EXAMPLES FROM THE WEB FOR TAILORED
She looked like a fashion-plate in a tailored gown and handsome hat.
By day she was always in tailored frocks of the strictest simplicity.
Well barbered and tailored he would have presented a handsome appearance.
Tailored seams do not require any extra allowance of material.
His shirt clung to his pecs and was tailored down to his narrow waist.
Life, after all, he tried to reason, was like a tailored garment.
Women uniformed to the last degree of tailored exquisiteness.
She wore a tailored suit of blue and had removed the jacket.
She and Emma had bathed their faces, rearranged their hair, and put on fresh lingerie blouses with their tailored suits.
The woman had left them, with a swish of a frilled silk petticoat under a tailored skirt, when Sylvia looked at Lucinda.
late 13c., from Anglo-French tailour, Old French tailleor "tailor," literally "a cutter," from tailler "to cut," from Medieval Latin taliator vestium "a cutter of clothes," from Late Latin taliare "to split," from Latin talea "a slender stick, rod, staff, a cutting, twig," on the notion of a piece of a plant cut for grafting.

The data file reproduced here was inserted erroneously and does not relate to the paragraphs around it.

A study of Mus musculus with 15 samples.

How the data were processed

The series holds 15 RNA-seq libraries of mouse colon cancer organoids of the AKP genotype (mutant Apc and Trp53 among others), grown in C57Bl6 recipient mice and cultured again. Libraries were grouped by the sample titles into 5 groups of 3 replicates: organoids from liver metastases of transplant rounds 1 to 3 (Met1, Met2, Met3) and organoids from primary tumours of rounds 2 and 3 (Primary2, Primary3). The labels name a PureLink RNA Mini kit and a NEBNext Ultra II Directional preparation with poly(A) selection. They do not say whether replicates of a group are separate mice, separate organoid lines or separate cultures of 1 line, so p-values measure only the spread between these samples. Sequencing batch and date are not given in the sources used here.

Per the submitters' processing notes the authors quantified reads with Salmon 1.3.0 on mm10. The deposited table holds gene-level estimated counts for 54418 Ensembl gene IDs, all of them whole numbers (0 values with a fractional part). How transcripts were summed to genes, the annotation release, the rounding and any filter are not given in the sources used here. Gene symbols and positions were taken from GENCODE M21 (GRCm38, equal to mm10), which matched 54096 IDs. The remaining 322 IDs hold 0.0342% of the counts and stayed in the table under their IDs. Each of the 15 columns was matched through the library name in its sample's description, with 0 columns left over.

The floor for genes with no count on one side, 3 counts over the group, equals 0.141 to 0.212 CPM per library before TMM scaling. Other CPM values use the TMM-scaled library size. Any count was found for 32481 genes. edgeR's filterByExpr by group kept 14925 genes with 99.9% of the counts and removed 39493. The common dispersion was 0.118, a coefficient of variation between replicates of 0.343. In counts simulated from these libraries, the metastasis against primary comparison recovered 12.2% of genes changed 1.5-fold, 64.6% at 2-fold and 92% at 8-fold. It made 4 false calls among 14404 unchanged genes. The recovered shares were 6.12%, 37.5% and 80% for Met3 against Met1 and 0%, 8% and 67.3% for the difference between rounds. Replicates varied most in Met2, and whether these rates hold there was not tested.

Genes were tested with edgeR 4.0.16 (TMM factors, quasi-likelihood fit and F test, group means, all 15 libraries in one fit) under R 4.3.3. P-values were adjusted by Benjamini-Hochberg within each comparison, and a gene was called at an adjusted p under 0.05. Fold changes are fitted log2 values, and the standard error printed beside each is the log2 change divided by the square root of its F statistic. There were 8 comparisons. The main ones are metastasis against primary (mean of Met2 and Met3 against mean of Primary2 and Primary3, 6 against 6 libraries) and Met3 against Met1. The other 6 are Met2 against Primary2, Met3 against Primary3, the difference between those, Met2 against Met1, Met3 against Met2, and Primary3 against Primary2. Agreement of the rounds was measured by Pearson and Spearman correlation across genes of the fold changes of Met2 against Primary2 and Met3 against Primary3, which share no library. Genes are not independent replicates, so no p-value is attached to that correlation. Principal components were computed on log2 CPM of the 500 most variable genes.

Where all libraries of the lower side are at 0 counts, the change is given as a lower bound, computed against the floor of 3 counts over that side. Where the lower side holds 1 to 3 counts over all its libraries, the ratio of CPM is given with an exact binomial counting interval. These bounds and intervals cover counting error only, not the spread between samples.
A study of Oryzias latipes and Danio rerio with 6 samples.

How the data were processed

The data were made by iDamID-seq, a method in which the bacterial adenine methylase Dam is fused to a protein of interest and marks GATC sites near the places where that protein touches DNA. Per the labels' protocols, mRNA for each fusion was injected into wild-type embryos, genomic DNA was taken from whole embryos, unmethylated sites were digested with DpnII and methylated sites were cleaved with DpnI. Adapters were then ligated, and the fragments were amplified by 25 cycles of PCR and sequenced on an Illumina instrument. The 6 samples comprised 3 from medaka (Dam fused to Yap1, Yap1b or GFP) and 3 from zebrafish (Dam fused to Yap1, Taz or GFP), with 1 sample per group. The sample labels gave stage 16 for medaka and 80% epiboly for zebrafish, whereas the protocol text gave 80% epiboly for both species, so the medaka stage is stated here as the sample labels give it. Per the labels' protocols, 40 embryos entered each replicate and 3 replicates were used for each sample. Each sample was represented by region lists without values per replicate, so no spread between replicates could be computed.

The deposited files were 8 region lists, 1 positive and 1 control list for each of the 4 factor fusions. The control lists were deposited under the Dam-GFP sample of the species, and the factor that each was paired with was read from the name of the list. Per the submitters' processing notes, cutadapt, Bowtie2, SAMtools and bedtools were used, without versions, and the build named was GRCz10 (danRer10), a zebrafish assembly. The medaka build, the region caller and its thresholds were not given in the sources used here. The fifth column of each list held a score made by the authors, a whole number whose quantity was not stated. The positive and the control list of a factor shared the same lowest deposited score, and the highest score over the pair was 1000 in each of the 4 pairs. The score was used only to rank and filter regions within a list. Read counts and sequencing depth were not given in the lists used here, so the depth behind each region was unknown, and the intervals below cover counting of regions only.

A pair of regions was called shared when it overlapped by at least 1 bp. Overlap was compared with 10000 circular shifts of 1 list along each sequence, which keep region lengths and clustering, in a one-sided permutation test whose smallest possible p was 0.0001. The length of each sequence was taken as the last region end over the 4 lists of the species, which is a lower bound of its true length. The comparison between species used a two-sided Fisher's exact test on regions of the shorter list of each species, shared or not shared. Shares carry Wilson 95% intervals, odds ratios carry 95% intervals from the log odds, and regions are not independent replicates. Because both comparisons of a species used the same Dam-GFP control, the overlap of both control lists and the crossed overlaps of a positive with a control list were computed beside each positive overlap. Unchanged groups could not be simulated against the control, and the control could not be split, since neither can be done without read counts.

Possible cognates include Sanskrit talah "wine palm," Old Lithuanian talokas "a young girl," Greek talis "a marriageable girl" (for sense, cf. slip of a girl, twiggy), Etruscan Tholna, name of the goddess of youth.
Tailor-made first recorded 1832 (in a figurative sense); originally "heavy and plain," as of women's garments made by a tailor rather than a dress-maker.